Framework Laptop prices go as low as $639 thanks to refurbs and “factory seconds” – Ars Technica

Enlarge / The Framework Laptop 13, with Framework’s gear logo on the lid.

Andrew Cunningham

Part of Framework’s sales pitch is that the company’s modular laptops are a (somewhat) more sustainable, responsible alternative to buying a hermetically sealed and non-upgradeable model from one of the big PC makers. The company has attempted to encourage reuse and recycling by offering refurbished models and 3D-printable cases for repurposing laptop motherboards as tiny desktop computers.

Earlier this month, the company took another step in that direction, opening up a Framework Outlet section in its online marketplace to sell refurbished products and things that have been returned by their original buyers. The company is also expanding its “factory seconds” offerings—it previously offered some 11th-gen Core i5 Framework Laptop motherboards this way, but that’s now expanded to Core i7 motherboards and some complete Framework Laptop models built with bodies and screens that have minor manufacturing defects.

“With the excess displays we received from the factory, we found a subtle cosmetic defect on some of them,” wrote Framework CEO Nirav Patel. “There is a wavy pattern and backlight non-uniformity that is visible from certain angles. Because of this, we’re calling these systems “B-Stock” and pricing them even lower than our 11th Gen refurbs. As always, you can upgrade any part of the system including the display using parts from the Framework Marketplace whenever you need to.”

The Core i7-1165G7 version of these laptops starts at $639, $40 less than the regular refurbished edition of the same system and $40 more than the refurbished edition of the Core i5-1135G7 laptop. A factory second version of the Core i7-1185G7 laptop is $759, $140 less than the refurbished version.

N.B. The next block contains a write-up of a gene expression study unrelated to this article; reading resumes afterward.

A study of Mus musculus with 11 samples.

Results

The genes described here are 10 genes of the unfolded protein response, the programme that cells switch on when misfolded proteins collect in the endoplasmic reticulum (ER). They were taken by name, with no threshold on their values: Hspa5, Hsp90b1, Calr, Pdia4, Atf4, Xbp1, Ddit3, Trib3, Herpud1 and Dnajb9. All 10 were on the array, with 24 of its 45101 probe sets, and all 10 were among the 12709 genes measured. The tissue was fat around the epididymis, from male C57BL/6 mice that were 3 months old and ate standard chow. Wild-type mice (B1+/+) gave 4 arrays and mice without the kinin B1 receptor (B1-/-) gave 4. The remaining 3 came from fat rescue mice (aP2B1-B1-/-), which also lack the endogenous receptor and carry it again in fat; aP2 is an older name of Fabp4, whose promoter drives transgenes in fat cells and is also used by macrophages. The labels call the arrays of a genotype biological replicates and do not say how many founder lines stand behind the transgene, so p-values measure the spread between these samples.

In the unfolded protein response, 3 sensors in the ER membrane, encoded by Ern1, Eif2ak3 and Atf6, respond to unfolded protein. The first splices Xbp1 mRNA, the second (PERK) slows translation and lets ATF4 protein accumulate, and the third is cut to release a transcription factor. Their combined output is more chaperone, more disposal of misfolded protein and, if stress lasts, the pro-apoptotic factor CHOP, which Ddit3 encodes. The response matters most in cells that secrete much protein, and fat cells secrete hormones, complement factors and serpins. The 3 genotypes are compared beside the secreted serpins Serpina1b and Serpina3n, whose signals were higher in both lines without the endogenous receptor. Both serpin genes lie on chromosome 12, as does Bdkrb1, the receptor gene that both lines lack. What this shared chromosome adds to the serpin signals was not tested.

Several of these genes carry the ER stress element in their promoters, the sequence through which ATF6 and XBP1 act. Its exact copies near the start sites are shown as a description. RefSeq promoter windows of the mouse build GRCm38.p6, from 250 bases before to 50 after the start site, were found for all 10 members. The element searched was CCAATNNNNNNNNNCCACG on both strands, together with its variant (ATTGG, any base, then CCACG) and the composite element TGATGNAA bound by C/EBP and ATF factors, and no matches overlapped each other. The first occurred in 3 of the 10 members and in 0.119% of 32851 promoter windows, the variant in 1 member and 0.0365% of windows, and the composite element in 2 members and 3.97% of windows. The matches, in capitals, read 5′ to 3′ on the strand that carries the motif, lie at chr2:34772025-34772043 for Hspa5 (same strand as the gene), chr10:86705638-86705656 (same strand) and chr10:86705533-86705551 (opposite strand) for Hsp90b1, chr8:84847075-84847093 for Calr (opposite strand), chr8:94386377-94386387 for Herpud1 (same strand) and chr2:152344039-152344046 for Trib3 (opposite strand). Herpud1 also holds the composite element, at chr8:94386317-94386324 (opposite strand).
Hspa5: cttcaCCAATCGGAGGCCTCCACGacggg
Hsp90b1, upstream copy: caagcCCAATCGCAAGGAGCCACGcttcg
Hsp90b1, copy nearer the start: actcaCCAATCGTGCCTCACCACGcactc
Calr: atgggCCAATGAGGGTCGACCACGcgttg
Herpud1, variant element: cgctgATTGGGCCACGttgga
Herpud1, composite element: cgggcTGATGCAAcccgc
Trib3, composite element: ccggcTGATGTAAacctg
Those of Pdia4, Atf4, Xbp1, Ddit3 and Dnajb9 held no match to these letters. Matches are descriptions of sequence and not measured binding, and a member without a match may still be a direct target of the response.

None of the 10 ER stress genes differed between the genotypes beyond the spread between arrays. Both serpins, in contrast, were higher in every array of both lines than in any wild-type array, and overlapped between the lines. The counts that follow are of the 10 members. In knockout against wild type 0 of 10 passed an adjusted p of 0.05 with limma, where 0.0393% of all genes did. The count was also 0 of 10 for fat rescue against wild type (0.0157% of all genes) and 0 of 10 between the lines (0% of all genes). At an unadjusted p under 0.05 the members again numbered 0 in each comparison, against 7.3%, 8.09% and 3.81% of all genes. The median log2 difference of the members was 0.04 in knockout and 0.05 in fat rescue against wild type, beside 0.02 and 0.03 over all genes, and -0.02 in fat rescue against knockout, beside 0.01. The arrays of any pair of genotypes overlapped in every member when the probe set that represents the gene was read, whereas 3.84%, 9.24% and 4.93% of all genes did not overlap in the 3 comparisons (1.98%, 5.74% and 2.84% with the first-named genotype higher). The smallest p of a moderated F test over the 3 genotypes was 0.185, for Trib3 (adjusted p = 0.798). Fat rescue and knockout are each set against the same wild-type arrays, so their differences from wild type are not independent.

These are all DIY Edition laptops, meaning you’ll need your own RAM, SSD, expansion cards, and Wi-Fi card, and you’ll need to be comfortable following Framework’s assembly instructions. They also include the standard 55 WHr battery and not the larger 61 WHr version that Framework introduced earlier this year. All laptops have a standard one-year warranty, though the warranty doesn’t cover the cosmetic defects that caused these to be classified as “factory seconds” in the first place.

According to Patel, offering its discounts mainly by pointing buyers toward refurbished and B-stock products is an alternative to offering limited-time deals like the ones you’d see on (the now-unending, November-spanning) Black Friday, Prime Day, or other real or invented shopping holidays.

Intel’s 11th-generation processors have been thoroughly surpassed by newer models from Intel and AMD at this point, but it’s still more than good enough for everyday browsing, office work, light photo editing, and other general-purpose laptop-y things. And the modular nature of Framework’s laptops means that in a couple of years, when your needs start to eclipse the CPU’s capabilities, you’ll have some upgrade options waiting for you that don’t require you to throw out the entire laptop and start again.

We’ve reviewed both current-generation versions of the Framework Laptop 13: the 13th-generation Intel Core version and the still-new AMD Ryzen version. Both offer a substantial step up in CPU performance compared to the old 11th-gen Core version, but only the Ryzen edition has upgraded integrated graphics performance. Keep this in mind when deciding whether to go for a new model, or to save some money by buying something older.